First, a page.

I’m pretty attached to our old tub. I much prefer a bath to a shower. I find it much more relaxing — therapeutic even. When we were shopping for a house, a big tub was on our short list of desired features. I’m 6′ 4″ and I find I’m not comfortable in many tubs. Our big old clawfoot tub fits me perfectly.
However, none of us have used the tub since Sunday, when my home test indicated there might be a high level of lead in there.
I’ve been trying to find information about the lead in our bathtub using my time-tested internet search skills. Unfortunately there’s precious little good information out there. I keep running into one story from 1995 that appeared on Good Morning America. This single story is cited by a host of bathtub reglazing businesses and some lawyers.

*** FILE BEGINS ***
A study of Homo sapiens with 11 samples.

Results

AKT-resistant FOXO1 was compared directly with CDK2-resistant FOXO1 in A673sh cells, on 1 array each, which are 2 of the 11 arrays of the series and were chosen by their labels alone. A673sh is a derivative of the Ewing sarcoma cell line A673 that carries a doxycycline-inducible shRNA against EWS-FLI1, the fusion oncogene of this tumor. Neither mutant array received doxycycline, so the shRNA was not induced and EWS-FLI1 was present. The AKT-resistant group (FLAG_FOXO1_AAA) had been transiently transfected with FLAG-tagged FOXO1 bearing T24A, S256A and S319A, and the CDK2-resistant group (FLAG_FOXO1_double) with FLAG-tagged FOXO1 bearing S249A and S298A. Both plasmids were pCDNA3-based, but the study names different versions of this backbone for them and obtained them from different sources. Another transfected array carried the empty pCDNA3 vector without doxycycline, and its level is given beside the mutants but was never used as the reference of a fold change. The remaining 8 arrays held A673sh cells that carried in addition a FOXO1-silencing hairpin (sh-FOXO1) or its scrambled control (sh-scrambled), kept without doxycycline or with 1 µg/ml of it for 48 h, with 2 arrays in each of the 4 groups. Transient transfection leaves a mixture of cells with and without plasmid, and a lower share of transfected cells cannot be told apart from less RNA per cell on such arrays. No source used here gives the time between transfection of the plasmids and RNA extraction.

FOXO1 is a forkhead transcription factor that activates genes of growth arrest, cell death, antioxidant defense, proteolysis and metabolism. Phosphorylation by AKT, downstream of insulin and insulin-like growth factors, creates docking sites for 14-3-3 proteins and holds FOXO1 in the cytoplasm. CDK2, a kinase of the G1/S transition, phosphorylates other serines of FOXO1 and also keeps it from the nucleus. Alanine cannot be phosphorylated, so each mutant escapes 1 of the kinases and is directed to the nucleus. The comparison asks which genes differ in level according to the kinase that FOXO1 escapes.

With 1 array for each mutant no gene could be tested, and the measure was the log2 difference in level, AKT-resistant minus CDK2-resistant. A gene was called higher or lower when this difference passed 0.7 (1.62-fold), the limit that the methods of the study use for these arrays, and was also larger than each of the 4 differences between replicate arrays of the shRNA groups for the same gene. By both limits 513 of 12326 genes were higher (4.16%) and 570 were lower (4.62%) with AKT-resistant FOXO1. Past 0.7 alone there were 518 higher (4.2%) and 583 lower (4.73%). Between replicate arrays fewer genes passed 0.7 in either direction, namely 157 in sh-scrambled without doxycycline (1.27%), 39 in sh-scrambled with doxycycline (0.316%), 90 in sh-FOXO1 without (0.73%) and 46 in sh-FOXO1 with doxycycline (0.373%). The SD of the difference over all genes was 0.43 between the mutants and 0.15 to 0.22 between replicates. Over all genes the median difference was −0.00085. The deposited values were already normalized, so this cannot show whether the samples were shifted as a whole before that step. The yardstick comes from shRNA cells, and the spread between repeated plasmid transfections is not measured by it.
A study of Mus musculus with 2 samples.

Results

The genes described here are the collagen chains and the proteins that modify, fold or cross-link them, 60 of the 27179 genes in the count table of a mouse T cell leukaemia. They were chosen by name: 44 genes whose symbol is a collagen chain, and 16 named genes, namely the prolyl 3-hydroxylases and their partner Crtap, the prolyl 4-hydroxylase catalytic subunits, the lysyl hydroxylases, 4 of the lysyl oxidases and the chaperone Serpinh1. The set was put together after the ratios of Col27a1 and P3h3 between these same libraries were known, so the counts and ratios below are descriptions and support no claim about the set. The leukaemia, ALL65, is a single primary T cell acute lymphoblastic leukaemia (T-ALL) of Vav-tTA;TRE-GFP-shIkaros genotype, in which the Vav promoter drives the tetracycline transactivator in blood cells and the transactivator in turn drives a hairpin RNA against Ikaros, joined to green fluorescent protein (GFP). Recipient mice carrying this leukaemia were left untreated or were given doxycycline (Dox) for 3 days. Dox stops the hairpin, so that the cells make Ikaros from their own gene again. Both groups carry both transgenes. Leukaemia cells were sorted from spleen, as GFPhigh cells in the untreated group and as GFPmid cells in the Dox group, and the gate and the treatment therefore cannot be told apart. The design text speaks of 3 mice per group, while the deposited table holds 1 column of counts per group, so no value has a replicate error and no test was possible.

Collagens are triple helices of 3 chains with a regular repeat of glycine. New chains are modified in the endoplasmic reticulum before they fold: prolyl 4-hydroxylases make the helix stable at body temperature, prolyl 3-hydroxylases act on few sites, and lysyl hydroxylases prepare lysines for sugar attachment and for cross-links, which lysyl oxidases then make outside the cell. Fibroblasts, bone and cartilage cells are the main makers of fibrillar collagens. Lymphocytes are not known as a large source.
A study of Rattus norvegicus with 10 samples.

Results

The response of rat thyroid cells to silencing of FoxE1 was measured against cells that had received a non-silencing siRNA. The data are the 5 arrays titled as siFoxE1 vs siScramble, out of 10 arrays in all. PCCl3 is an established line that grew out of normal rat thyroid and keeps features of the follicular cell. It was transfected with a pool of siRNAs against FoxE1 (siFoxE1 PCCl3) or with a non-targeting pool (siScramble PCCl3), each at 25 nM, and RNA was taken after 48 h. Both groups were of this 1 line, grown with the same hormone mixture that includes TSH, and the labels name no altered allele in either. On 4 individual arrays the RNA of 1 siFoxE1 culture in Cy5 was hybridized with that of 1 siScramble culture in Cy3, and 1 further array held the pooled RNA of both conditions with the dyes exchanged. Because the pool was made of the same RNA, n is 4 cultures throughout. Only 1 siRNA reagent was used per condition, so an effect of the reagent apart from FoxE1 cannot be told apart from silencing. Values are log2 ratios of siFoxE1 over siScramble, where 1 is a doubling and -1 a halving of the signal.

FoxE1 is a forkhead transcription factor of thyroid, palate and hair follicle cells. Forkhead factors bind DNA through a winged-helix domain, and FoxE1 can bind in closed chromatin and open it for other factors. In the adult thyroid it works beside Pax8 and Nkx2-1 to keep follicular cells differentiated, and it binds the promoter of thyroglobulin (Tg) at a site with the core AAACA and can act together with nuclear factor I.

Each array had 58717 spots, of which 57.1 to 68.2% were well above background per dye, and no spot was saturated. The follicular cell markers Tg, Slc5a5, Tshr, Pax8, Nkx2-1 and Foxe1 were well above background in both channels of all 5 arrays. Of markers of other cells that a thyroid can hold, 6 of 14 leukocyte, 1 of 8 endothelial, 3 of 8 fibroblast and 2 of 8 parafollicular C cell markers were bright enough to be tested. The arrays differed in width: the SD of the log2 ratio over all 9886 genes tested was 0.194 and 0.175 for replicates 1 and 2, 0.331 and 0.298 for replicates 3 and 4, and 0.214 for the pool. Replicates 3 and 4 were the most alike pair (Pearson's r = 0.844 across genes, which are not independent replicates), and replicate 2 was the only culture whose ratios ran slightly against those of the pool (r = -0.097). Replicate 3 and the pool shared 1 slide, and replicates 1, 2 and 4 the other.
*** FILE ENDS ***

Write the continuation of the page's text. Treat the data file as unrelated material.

That runs up a red flag in my mind. If there’s something to this, there should be more information out there. In particular I’d expect to see citations of medical studies. But the only real scientific article I’ve found is a tale of woe regarding some wine that was made in a bathtub.
My main question, of course, is whether this is a threat to our safety or not. I know that Persephone was prone to drinking the bath water. But does lead really leach out into bath water?
Dr. Rodgers says the way to be sure is to “test water going into tub and water in tub after a bath.” If the post-test reveals a higher lead level than the pre-test, then the tub is leaching lead into the bath water. But I’m not sure what the best way to test for lead in water is. LeadCheck Aqua seems to detect lead in water only at the EPA limit of 15 parts per billion.
Dr. Rodgers also says, “Most kids get lead from ingesting dust soil or chips, stomach contains strong acid to digest the lead. The skin is a very impermeable membrane to bath water entering the blood stream.”
Even though I’m not convinced this is a serious risk, I am looking into the cost of having the tub re-glazed. I’ve got a query in to Southern Refinishing. Just waiting to hear back.